Fagen Fighters WWII Museum draws a crowd
GRANITE FALLS — They flew in from such places as Minneapolis and Sioux Falls.
World War II veterans gathered at the Fagen Fighters WWII Museum Thursday for the 75th anniversary of D-Day.
They arrived in a B-25 in the afternoon with the help of groups such as Wings of the North, a T-6 group from Minneapolis and the CAF Joe Foss Squadron from Sioux Falls.
“This is a real small community of people, the warbird community. You kind of reciprocate, we have people that come to our things and we go to theirs,” Diane Fagen said. She and her husband Ron own the museum.
Jim Johns, retired Army captain, author and historian was the guest speaker at the event.
“I’m really thrilled to see this big of a crowd here today. Not because I like to talk to big crowds, but because I am so honored at all the people that are in this crowd that remember D-Day,” Johns said.
He spoke of the details surrounding WWII and specifically D-Day.
“Who did we fight in Europe in WWII?” he asked. “The Nazis comprised of the Germans, the Italians, the Hungarians, the Romanians, the Bulgarians, the Croatians, and the Estonians. Combined they totaled 50 divisions, five of them armored,” Johns said.
“They (the Nazis) had selected a spot, 60 miles down the coast at a place called Normandy. Where we had already code named five beaches, Sword, Juno, Gold, Omaha, and Utah. Even our generals had argued against that spot,” Johns said.
“When the sun rose on June 6, lookouts in the German pillboxes on the hills of Normandy could not believe their eyes. They were looking at 5,000 ships, of every shape, variety and form. That had positioned themselves at night in the dark ready to launch or support the launching of the invasion,” Johns said.
“The Higgins boat would pull up to the beach, the ramp would drop, the 36 men were on the beach, they’d hit the deck and wait until enough Higgins boats had deposited enough 36 men per boat. To the point where they would dare chance the barbed wire and move inland against murderous solid machine gun fire,” Johns said.
“Now whatever you read on D-Day, you will all read different figures. But there is absolutely no question, that in the first 10 hours, 2,500 Americans died, 2,700 British died, over 2,000 Canadians died, over 9,000 injured,” Johns said.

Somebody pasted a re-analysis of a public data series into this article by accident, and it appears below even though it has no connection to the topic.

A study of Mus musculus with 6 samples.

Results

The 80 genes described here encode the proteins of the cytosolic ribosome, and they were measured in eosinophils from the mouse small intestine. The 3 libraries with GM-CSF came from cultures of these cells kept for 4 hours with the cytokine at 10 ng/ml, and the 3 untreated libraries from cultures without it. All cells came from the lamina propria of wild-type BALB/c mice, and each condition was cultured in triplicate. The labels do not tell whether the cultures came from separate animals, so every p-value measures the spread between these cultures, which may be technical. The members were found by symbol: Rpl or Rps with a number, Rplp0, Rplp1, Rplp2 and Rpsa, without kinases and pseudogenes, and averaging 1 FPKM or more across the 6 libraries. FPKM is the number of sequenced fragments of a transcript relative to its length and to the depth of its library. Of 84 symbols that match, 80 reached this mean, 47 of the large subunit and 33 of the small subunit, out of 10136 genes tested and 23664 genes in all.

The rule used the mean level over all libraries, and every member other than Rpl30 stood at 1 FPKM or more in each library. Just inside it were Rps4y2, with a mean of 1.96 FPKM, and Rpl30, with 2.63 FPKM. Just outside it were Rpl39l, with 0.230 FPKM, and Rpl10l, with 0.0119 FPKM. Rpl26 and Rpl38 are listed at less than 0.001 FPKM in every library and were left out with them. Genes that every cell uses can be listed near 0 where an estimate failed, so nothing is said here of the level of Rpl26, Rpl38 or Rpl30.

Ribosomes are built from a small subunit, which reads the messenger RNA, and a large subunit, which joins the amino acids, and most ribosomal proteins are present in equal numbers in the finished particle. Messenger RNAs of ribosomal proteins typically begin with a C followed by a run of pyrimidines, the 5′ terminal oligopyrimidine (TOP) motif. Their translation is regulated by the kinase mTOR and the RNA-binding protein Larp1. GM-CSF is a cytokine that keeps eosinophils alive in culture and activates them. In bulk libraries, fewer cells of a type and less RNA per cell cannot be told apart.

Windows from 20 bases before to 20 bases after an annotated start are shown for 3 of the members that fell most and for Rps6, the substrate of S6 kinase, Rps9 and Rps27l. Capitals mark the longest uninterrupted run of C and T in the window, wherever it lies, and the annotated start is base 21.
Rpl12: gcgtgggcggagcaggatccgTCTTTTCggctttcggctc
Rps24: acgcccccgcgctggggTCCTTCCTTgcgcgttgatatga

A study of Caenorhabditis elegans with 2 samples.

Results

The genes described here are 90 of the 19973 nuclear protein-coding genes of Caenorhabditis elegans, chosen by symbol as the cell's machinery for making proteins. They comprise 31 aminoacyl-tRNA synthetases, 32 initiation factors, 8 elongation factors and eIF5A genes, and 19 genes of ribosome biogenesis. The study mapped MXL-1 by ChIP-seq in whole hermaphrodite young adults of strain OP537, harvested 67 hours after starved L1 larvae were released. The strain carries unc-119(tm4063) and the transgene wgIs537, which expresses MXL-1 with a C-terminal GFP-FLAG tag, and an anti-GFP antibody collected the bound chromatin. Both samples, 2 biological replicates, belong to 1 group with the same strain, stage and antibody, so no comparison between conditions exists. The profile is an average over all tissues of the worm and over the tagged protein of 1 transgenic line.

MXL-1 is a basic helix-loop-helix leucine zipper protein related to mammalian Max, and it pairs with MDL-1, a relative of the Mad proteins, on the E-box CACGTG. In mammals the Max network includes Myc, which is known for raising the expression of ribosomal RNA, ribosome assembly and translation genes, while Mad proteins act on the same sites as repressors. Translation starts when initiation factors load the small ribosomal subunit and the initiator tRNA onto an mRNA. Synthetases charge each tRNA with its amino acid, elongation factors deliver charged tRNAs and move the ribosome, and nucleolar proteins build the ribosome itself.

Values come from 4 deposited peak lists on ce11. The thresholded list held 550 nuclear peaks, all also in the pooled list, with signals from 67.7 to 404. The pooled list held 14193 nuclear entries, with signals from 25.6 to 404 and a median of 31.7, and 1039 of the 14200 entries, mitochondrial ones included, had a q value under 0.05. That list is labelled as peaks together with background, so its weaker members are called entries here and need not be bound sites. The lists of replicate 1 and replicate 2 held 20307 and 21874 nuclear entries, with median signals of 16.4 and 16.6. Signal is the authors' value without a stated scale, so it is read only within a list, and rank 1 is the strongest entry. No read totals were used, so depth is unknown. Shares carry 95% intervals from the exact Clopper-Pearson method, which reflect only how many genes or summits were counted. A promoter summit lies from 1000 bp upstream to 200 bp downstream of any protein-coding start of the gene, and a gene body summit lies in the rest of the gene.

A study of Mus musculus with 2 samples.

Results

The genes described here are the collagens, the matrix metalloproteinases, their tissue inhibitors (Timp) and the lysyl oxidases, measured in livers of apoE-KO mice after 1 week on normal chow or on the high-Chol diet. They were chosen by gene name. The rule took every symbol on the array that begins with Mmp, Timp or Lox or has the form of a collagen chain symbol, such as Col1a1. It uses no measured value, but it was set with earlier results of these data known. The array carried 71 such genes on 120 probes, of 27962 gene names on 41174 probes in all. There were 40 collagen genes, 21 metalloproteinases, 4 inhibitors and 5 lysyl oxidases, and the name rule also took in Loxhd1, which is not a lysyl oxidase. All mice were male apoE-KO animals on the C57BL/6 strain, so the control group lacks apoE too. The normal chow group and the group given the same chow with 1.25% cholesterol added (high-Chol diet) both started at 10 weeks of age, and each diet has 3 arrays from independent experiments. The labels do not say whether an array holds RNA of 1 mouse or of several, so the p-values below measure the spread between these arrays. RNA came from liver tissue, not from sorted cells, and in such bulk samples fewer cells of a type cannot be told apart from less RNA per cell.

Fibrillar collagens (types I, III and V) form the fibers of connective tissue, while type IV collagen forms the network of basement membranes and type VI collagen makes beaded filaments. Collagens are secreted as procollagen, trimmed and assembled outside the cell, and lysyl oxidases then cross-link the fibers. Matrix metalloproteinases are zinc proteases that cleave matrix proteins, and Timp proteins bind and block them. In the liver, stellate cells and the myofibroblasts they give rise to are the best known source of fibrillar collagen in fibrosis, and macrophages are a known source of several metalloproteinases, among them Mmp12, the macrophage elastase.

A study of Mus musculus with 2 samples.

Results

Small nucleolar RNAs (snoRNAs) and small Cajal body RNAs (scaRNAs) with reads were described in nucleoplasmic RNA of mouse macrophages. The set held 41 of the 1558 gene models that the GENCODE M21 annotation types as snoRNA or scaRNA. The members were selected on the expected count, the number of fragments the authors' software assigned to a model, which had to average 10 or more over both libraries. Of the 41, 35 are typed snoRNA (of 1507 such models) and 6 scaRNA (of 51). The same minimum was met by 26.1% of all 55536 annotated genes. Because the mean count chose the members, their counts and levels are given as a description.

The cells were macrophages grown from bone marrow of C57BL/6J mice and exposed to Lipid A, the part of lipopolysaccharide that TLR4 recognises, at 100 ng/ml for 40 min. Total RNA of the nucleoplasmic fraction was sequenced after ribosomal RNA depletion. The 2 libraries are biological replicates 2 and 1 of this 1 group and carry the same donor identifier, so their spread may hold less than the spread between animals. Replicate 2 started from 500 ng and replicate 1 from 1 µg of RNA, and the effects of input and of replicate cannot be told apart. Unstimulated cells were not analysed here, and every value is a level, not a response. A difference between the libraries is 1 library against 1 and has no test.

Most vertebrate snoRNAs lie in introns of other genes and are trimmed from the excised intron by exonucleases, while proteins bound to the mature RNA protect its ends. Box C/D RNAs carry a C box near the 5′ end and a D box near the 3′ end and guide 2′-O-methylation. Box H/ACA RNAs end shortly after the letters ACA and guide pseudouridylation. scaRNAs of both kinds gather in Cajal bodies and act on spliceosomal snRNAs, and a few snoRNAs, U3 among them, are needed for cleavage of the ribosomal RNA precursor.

The Fagens have a display of a Higgins boat atop of Utah beach sand.
“My dad was first guy or the last guy, I don’t know. I made him the front guy. He landed on Utah beach at 06:30,” Ron Fagen said.
“Ron went a step further, he purchased from the French government barrels of sand from Utah. Which you see in front of you in this display. That is sand that our troops tracked across, that is sand that our boys died on, that was sand that our troops bled to death on. But, they would want you to remember,” Johns said.
“The reason we got the sand is because the museum at Utah beach in France, was doing an expansion. They had displaced a bunch of sand and it was already in barrels, so we were able to purchase that. Otherwise, we probably never could have done it,” Diane Fagen said.
Diane Fagen said that the museum did a program to hear WWII veteran’s stories.
“Now we were fortunate enough to do some filming early on. We’ve been a museum open to the public since 2012. We started right away with what we call our Voices of Valor program and we captured a lot of video in their (WWII veterans) own words. And we had actually five D-Day veterans that we did our interviews with,” Diane Fagen said.
Diane Fagen said they have held a ceremony before on the 70th anniversary.
“We did it on the 70th, this is the 75th, and who knows,” Diane Fagen said. She said the next air show will be in June 2021.
“That will be a big endeavor,” Diane Fagen said.